Five common misconceptions about dying

August 2021
Samantha Winemaker

Dying comes once in a lifetime.  The world around us shapes our perception and expectations of this mysterious destiny.  In truth, we don’t know what to expect when our time comes other than what we’ve witnessed, by proxy, through people dying in our lives. For the most part, dying is a taboo topic in our society, so we are left to fantasize about what ours will be like.  The natural tendency is to think the worst.  The media’s portrayal of dying doesn’t help.  Dying is typically portrayed as sudden, sterile, or dramatic, none of which depicts the more common ways of dying.

Much of my work, as a palliative care physician, is spent demystifying dying for healthcare providers, patients and their families.  Failure to address the myths, misconceptions and misinformation result in misguided decision making, decreased quality of life, and worsening suffering when our time comes.  

The following misconstructions have one profound root cause in common; people are missing factual information about dying. Here are the most common myths:

1. Dying is wrong
The pervasiveness of this myth, that dying is wrong, is curious because dying is one of life’s events that is an absolute guarantee.  Our society’s values regarding our ‘invincibility’ permeates the health care system, marketing, and media; we convince ourselves that we can escape the realities of our own finite lives.  We learn from an early age that dying equates to failure; failure of the patient to fight, failure of the caregiver to do enough, failure of the health care system to cure illness.  We don’t properly acknowledge the concept that dying is a natural, expected, part of living.  

2. Dying will be sudden and unexpected
Only 10 per cent of the population will die from sudden causes like trauma, acute illness, or suicide.  The rest of us are more likely to die from a progressive non-curable illness at some point in our lives, or later, from old age.  Dying is a chapter, a phase that occurs over time.  There is a distinct decline associated with dying that spans months, then weeks, then days.  It is not like a light switch going off.  It is a fade.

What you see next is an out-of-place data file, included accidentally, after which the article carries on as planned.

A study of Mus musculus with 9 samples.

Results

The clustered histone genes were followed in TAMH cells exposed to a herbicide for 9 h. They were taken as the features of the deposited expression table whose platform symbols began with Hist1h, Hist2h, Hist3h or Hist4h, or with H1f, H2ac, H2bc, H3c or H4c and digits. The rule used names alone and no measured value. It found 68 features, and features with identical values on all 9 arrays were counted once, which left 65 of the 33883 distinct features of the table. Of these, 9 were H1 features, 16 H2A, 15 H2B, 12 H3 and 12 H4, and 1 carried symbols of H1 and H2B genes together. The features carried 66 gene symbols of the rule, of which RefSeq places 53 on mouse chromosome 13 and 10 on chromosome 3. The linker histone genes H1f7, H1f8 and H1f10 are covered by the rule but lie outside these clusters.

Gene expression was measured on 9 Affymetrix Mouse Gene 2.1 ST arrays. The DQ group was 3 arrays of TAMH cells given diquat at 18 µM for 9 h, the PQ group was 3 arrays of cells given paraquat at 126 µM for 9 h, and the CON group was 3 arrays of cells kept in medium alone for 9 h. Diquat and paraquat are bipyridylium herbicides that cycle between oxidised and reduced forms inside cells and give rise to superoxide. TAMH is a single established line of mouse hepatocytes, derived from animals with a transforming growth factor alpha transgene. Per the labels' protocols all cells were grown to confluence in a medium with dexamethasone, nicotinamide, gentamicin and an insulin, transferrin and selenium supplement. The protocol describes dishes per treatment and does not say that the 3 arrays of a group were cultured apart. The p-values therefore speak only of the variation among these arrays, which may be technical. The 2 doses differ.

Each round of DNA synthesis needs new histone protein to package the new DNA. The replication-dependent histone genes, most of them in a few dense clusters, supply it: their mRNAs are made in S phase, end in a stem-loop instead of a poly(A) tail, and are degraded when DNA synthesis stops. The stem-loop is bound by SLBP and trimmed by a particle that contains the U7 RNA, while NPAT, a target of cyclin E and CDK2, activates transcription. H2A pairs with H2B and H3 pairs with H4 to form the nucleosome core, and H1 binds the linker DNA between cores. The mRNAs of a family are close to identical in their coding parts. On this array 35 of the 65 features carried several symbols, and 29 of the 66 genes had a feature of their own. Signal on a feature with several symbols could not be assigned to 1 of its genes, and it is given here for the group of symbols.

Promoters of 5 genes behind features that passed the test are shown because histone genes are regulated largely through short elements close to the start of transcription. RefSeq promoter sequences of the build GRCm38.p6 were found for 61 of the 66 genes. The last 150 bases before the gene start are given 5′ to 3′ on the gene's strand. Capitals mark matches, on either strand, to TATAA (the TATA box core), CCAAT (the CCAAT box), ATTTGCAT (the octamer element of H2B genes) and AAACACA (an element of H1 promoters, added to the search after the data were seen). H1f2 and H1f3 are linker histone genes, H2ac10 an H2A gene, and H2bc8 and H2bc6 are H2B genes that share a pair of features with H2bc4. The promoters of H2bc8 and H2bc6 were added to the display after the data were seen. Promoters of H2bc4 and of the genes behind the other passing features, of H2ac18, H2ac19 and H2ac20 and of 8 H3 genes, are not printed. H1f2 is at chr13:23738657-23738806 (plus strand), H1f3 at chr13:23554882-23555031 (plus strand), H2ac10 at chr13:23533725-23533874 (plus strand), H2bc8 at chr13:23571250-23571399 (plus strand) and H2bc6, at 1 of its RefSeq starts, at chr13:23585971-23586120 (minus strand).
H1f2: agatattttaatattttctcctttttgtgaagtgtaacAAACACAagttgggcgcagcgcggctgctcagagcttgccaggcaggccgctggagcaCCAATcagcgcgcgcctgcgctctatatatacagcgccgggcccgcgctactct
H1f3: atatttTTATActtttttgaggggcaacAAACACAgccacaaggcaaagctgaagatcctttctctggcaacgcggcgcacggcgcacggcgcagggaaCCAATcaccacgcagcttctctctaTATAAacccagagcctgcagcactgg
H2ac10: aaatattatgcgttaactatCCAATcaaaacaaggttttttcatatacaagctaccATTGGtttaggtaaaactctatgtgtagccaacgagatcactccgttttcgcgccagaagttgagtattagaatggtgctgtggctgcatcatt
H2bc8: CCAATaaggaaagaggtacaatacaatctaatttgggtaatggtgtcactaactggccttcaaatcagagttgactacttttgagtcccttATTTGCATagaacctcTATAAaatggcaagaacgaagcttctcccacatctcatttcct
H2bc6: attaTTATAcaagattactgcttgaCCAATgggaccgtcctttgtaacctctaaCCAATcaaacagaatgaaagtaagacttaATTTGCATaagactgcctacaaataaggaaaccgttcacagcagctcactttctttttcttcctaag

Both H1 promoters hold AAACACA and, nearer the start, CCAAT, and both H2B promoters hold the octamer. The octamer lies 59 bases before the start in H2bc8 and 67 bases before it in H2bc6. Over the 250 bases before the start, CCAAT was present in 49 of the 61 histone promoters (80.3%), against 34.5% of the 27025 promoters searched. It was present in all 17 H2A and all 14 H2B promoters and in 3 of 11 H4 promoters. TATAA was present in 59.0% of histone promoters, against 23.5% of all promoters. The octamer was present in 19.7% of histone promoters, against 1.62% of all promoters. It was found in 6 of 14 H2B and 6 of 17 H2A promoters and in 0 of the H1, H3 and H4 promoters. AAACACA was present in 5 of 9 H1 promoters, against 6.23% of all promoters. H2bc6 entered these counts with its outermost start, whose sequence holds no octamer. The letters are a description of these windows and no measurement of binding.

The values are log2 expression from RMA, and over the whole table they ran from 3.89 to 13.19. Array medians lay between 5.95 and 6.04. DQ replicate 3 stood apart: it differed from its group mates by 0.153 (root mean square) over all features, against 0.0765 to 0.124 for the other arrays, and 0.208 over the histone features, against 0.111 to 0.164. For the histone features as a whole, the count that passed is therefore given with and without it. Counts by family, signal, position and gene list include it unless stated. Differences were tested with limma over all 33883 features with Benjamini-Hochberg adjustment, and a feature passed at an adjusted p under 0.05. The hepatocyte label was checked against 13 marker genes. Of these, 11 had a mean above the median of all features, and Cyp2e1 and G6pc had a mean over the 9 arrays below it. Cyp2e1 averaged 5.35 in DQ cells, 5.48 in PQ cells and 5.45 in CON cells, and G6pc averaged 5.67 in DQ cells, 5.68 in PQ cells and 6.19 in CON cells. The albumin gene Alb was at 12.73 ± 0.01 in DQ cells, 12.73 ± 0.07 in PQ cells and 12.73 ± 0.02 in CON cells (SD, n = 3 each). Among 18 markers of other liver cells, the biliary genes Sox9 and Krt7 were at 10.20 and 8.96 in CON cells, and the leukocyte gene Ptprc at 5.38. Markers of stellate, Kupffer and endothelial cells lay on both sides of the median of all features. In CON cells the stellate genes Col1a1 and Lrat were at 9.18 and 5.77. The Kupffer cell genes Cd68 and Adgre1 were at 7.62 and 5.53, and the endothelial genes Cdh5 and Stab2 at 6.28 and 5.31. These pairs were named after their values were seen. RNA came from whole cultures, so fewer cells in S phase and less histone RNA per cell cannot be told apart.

3. Dying is impossible to predict 
There are ways to estimate the average life expectancy for different illnesses.  For example, a person with ALS has an average prognosis of two to five years.  A person with dementia has on average 10 years.  For patients with heart failure the average is five years.  These are based on large numbers of people with these illnesses. For an individual person, these numbers only serve as very rough estimates and early on one never knows for sure if the person will live longer, or shorter. However, as an illness advances it does become possible for doctors to predict their individual timeline. 

4. Dying causes hopelessness
There is a strongly held belief that people will automatically lose all hope if they know they are dying.  This is not necessarily true.  In fact, people who are guided along their illness journey with realistic information are able to continuously shift their focus of hope as their illness changes.  People can, and do, remain appropriately hopeful the entire time. 

5. Dying is painful 
Depending on the underlying illness, people can experience a variety of symptoms throughout their journey.  However, just because an illness becomes more advanced and enters into the terminal phase doesn’t meant that symptoms crescendo until death comes. In fact, the most prominent symptoms of dying are weakness and fatigue, not pain! Most people die comfortably.  

There are many other misconceptions about dying.  I’ve heard them all.  They always stem from a fundamental gap in real information.  The chasm between truth and falsehood starts when we are young and builds momentum over our lives.   When the time comes that we are diagnosed with a progressive chronic illness our journeys will be complicated by the cumulative effect of these myths.  Without the facts, we risk experiencing a journey that feels out of control and feeds into our sense of suffering. Alternatively, seeking factual information about ‘what to expect’ is the single best insurance for remaining well grounded, proactive, prepared, and dignified until the end.  

Dr. Samantha Winemaker is a palliative care physician based in Hamilton.